By Kim Han-joo
SEOUL, Oct. 18 (Yonhap) -- An accelerator for tech startups operated by the country's largest internet portal operator Naver Inc. said Friday that it has made new investments in three promising startups, as part of its ongoing efforts to support promising entrepreneurs.
Naver's D2 Startup Factory, also known as D2SF, said that it has selected the three startups in the fields of artificial intelligence (AI), digital health care and mobility for its accelerator program.
The amount of investment has not been disclosed.
"The three startups have distinguished technology and business skills," said Yang Sang-whan, an official in charge of D2SF. "We will continue to support them so that they can further grow and explore ways to grow together."
Since 2015, Naver has supported promising entrepreneurs with advanced technological skills. A total of 35 startups have so far qualified for the Naver's accelerator program out of more than 2,000 applicants.
Among the startups is Espresso Media that utilizes deep learning, a type of AI technology, to convert low-resolution images and videos into high-resolution ones.
"We currently offer the solution to major media outlets and plan to cooperate with global manufacturers so that our technology can be directly applied to video and image equipment," CEO Lee Ki-su said.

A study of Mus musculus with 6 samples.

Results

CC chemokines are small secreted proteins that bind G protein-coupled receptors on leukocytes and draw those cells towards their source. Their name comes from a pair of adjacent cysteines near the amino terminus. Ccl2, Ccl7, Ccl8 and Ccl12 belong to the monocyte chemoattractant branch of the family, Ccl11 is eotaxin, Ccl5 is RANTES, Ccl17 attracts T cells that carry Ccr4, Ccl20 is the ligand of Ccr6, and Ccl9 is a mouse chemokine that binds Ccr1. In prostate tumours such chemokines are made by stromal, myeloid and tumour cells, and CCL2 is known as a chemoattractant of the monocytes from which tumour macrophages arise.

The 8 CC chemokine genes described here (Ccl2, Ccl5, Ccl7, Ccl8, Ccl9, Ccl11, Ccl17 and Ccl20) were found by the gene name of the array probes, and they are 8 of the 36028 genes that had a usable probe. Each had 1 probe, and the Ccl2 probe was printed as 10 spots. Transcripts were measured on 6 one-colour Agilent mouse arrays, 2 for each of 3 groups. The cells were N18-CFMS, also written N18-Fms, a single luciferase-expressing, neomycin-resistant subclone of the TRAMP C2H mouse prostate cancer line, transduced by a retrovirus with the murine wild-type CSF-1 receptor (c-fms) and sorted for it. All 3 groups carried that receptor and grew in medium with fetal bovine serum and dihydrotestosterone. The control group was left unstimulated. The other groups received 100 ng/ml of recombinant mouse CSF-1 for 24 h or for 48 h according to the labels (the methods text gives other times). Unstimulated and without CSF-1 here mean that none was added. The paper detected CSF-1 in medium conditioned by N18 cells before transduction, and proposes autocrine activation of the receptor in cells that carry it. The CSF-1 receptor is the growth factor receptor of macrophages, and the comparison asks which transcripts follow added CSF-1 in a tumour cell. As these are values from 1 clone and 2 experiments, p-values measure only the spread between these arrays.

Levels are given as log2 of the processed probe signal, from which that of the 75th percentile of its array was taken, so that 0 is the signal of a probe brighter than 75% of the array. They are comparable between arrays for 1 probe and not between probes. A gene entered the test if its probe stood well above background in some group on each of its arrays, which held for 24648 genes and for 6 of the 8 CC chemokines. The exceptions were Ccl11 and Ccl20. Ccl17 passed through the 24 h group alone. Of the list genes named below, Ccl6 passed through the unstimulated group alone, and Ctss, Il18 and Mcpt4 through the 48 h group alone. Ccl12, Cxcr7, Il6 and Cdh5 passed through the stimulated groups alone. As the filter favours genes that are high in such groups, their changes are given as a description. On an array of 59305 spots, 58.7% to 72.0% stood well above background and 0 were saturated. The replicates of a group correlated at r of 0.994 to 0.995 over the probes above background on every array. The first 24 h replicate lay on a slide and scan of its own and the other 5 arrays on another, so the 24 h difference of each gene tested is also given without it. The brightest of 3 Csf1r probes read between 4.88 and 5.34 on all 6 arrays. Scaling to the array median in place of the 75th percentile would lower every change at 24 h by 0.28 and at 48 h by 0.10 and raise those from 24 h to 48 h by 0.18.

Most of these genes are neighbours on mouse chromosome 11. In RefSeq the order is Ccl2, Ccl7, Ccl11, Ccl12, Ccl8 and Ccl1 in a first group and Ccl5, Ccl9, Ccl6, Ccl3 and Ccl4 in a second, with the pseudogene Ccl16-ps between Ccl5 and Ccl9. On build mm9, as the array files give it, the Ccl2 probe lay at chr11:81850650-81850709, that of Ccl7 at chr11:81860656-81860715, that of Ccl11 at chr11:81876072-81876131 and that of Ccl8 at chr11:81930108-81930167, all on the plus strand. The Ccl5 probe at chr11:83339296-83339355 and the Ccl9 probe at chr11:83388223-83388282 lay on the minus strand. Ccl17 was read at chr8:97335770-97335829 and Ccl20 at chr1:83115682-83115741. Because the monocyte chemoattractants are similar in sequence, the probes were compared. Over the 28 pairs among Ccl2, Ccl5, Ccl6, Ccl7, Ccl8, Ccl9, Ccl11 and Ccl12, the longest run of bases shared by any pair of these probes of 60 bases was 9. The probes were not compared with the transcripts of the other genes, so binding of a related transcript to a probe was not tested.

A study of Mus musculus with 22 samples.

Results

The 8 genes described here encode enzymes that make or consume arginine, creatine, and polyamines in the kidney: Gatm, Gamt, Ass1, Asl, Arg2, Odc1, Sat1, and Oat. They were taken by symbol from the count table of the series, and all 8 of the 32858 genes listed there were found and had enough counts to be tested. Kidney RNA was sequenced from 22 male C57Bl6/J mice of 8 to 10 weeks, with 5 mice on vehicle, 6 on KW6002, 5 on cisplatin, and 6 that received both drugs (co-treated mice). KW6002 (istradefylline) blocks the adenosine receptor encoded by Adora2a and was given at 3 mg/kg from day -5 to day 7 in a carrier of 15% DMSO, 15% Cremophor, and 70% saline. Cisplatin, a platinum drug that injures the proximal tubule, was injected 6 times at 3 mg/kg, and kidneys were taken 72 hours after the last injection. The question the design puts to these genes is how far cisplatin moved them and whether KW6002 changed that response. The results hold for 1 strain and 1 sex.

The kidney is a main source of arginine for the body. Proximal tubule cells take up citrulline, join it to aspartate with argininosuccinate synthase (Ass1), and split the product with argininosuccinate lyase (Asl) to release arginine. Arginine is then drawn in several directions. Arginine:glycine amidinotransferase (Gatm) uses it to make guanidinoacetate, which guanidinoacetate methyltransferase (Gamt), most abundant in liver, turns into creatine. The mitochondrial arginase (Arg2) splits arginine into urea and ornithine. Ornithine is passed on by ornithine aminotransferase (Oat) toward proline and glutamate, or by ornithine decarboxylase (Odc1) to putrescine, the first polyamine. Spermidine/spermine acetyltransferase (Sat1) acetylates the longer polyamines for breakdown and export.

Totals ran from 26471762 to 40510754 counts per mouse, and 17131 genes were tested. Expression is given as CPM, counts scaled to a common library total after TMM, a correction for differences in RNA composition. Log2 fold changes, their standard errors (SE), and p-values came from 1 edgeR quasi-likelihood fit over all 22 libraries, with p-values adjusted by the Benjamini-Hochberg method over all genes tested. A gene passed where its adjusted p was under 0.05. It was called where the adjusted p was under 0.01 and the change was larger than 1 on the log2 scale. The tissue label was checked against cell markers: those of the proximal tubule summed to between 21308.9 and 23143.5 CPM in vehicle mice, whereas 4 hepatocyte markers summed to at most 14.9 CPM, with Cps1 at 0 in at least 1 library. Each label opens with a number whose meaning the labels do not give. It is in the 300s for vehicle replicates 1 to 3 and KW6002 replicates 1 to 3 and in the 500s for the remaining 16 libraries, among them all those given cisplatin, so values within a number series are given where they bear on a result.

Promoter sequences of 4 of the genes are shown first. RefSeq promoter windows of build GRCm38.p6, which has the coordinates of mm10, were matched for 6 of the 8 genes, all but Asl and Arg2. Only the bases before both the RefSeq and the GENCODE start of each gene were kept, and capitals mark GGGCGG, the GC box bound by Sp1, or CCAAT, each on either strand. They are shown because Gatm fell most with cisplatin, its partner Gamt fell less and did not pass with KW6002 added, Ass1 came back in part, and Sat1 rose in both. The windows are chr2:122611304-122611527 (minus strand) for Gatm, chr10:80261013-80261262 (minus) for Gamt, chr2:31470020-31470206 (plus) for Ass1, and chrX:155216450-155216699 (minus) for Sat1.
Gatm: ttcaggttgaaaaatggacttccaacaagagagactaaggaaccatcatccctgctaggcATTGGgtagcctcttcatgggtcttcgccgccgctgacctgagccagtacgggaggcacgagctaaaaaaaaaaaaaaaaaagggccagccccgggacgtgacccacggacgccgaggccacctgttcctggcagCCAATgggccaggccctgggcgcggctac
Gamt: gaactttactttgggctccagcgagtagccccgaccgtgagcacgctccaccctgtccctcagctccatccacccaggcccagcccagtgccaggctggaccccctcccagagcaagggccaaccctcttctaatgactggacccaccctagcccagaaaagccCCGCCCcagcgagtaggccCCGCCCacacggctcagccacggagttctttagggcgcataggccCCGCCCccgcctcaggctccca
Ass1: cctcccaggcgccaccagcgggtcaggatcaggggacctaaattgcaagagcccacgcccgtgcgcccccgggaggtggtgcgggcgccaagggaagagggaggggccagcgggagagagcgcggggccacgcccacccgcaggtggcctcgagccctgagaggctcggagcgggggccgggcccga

Soundable Health is a digital health company that uses sounds from patients to prevent diseases and monitor health conditions through a mobile app named PRIVY.
The app helps people monitor their urinary health by recording the sound of urine flow to measure the frequency and speed by using AI and sound analytics.
"PRIVY is the only one of its kind and uses a smartphone to record the sound of urine flow," said Catherine Song, founder and CEO.
PRIVY can be downloaded through both the Google Play Store and iPhone App Store, Song said. The company aims to tap deeper into the multibillion dollar U.S. urinary health monitoring market.
"We plan to expand the service to other diseases based on our own developed AI sound analysis technology," she said.